On the January 9 edition of CNN's The Situation Room, while discussing whether Sen. Hillary Rodham Clinton's (D-NY) emotional remarks during a January 6 campaign event contributed to her victory in the New Hampshire Democratic primary, senior political analyst Gloria Borger called Clinton a “robo-candidate” who “suddenly ... show[ed] some humanity.”
From the discussion on the January 9 edition of CNN's The Situation Room, featuring Borger, host Wolf Blitzer, commentator Jack Cafferty, and legal analyst Jeffrey Toobin:
BLITZER: Here's the most intriguing comment that Hillary Clinton made in her victory speech, I thought, last night.
CLINTON [video clip]: I want especially to thank New Hampshire. Over the last week, I listened to you, and in the process, I found my own voice.
BLITZER: What do you think, Jack?
CAFFERTY: I think that's one of the better lines of the entire campaign. I'm not sure exactly --
TOOBIN: Can you say what it means?
CAFFERTY: I was going to say, I'm not sure exactly -- I'm not sure I know what it means.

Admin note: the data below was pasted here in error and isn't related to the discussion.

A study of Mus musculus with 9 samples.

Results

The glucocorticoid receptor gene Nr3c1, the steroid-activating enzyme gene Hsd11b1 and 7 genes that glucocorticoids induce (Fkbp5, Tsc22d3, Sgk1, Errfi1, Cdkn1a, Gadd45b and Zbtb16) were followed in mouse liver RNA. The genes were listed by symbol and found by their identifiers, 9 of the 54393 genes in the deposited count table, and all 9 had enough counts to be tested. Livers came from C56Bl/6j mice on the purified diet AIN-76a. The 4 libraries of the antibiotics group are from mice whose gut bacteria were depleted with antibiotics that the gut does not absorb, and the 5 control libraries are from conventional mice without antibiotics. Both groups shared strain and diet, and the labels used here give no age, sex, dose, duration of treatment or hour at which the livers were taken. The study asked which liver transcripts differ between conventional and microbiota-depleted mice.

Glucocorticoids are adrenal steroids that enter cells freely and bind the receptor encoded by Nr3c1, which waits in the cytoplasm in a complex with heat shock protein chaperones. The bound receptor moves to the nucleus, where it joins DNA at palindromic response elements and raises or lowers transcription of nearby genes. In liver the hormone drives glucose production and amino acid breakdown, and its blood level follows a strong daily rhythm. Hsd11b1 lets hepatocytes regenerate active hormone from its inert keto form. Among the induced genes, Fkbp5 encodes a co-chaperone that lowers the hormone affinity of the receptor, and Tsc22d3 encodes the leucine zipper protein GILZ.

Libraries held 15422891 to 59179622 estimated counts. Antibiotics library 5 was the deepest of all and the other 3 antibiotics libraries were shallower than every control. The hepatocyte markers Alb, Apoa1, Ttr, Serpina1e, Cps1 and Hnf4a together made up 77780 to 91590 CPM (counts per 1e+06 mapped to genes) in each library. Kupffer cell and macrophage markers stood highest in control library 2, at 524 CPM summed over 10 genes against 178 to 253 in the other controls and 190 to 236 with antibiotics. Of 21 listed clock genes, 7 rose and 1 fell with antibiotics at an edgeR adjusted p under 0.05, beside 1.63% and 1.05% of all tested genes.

BORGER: It sounds good.
TOOBIN: It does sound good.
CAFFERTY: Boy, is it a great line. No, it's a good line. It's a little bit of that humanity thing again that we don't see a lot of out of Hillary and that we saw in the diner on Monday and that I will go to my grave convinced is what drove her to the victory last night.
BORGER: All I can say, Jack, is, whoever thought that tearing up would be a really good career move for a woman.
TOOBIN: For a woman.
BORGER: Never. I never thought so. But when you have a robo-candidate and suddenly she shows some humanity -- and there are those people who believe it wasn't real, but I actually do believe it was real -- it actually helped her.
TOOBIN: And there is a sort of wonderful historical circle with -- you know, in the same state where Ed Muskie's career went up in flames because he cried, perhaps Hillary Clinton is being politically resurrected because she misted up. I mean, I still am a little skeptical about this whole misting up -- the significance of it. But apparently -- I mean, the people in her campaign seem to think it's important. Jack Cafferty thinks it's important, so it must be important.